What to try cutting with?

So you hit the web and see all sorts of weird and wonderful techniques to cut bottles down. Who’s to say what is wrong or right? I guess it’s just down to what works for you. There are some that just seem a bit messy, or without much chance of working neatly on a regular basis. One of those was the burning string idea – where a string is wrapped around the bottle, soaked in kerosene, acetone or lighter fluid, and lit . I’m intending to try it one day, just for the ‘Robinson Crusoe’ experience, but it doesn’t appeal logically. At some point, the string will fail to form a perfectly straight and joined line around the bottle. It’s bound to be a technique sure to end up with a jagged step. I’ve similar doubts with the hot oil inside the bottle technique, which uses the fill level to make a thermal break rather than a score. At this point of learning, I think it needs a clean scored line to make a clean break, just like cutting flat glass with a traditional handheld cutter. That means either making a home-made cutting head device or buying a retail bottle cutting device.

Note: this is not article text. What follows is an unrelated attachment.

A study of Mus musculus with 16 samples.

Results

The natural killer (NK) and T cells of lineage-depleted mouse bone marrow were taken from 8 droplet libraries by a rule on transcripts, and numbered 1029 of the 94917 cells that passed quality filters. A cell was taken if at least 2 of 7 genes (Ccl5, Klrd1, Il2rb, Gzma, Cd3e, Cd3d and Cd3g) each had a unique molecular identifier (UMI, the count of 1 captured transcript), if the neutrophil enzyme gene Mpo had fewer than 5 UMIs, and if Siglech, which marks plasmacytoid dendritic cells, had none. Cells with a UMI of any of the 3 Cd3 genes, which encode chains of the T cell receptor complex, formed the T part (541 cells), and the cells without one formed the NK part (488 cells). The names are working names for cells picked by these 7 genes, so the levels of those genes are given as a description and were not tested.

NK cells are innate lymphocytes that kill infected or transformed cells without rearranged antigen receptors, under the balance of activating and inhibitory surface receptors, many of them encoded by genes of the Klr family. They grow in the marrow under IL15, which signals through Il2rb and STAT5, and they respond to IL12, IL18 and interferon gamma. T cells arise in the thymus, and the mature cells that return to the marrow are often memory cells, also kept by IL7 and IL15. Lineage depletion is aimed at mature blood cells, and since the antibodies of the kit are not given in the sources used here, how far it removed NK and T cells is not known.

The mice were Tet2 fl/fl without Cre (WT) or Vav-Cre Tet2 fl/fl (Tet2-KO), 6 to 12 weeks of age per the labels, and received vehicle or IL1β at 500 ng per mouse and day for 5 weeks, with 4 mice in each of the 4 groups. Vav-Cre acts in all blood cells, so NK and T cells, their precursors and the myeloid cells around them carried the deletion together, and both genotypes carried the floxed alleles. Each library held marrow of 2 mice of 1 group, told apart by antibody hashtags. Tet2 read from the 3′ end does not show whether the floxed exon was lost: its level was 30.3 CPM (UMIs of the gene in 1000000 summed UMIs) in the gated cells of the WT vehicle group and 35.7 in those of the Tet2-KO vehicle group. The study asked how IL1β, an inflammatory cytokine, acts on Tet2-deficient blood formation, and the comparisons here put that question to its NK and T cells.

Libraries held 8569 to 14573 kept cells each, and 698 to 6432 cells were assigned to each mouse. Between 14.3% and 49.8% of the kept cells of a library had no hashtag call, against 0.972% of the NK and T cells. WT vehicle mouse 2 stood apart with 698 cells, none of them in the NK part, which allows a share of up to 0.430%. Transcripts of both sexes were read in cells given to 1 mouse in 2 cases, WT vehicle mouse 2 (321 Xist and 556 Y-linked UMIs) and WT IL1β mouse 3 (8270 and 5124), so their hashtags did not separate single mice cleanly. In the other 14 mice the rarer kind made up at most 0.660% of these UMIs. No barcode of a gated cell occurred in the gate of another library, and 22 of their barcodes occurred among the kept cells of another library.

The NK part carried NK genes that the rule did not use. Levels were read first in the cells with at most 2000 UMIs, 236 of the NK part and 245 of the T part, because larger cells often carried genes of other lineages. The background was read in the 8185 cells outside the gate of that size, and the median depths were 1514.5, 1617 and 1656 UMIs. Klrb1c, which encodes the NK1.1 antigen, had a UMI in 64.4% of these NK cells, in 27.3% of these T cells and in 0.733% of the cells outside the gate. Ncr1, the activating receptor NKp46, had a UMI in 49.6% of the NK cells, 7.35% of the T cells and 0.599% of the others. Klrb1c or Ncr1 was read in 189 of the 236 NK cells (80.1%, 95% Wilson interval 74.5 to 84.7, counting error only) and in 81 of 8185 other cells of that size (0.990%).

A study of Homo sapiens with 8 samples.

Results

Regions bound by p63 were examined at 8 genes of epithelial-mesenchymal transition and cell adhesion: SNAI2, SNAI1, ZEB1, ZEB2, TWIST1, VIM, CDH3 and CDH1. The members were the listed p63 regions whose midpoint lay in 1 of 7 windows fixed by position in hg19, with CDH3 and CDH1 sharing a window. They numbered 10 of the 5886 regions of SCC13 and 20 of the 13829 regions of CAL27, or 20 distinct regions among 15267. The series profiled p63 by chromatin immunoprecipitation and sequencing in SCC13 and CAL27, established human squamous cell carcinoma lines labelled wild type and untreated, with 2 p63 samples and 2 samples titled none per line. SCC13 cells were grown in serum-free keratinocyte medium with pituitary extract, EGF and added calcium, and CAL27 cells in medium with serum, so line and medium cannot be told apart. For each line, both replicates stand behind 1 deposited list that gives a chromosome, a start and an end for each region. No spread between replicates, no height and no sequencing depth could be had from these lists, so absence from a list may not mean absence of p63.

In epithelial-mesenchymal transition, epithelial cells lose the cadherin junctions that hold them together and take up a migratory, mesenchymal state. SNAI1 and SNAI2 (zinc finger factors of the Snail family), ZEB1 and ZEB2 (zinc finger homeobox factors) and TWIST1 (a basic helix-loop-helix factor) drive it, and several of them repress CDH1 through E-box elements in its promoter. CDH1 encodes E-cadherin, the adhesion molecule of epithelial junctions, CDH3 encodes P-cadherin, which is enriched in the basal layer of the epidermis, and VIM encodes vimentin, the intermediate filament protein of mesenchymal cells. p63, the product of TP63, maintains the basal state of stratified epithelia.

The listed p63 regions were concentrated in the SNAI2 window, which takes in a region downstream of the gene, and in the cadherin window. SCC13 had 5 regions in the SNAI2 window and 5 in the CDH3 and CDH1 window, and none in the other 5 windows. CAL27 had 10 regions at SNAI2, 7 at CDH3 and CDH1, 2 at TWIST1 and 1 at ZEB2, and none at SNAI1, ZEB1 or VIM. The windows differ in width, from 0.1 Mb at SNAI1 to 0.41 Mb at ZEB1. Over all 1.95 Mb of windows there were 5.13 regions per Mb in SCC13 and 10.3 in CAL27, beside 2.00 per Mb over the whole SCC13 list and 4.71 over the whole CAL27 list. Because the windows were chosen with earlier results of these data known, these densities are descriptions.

There’s some quite interesting ideas on making your own device on Youtube:




Through work, I can source various types of high quality glass cutting heads, so this could be a good option for the future, especially if I need to have a jig that does smaller miniature bottles or large bottles or jars like demi-johns that might not fit on a shop-bought jig.

 Right now, for simplicity, and speed , I think it’s the bought option for me. Looking on Ebay, those few that crop up for sale seem to attract plenty of bids and retain a lot of the value, so it seems like a no-brainer to give it a whirl. Worst case scenario, and I don’t get into it or keep it going, it won’t be a bad thing to move on.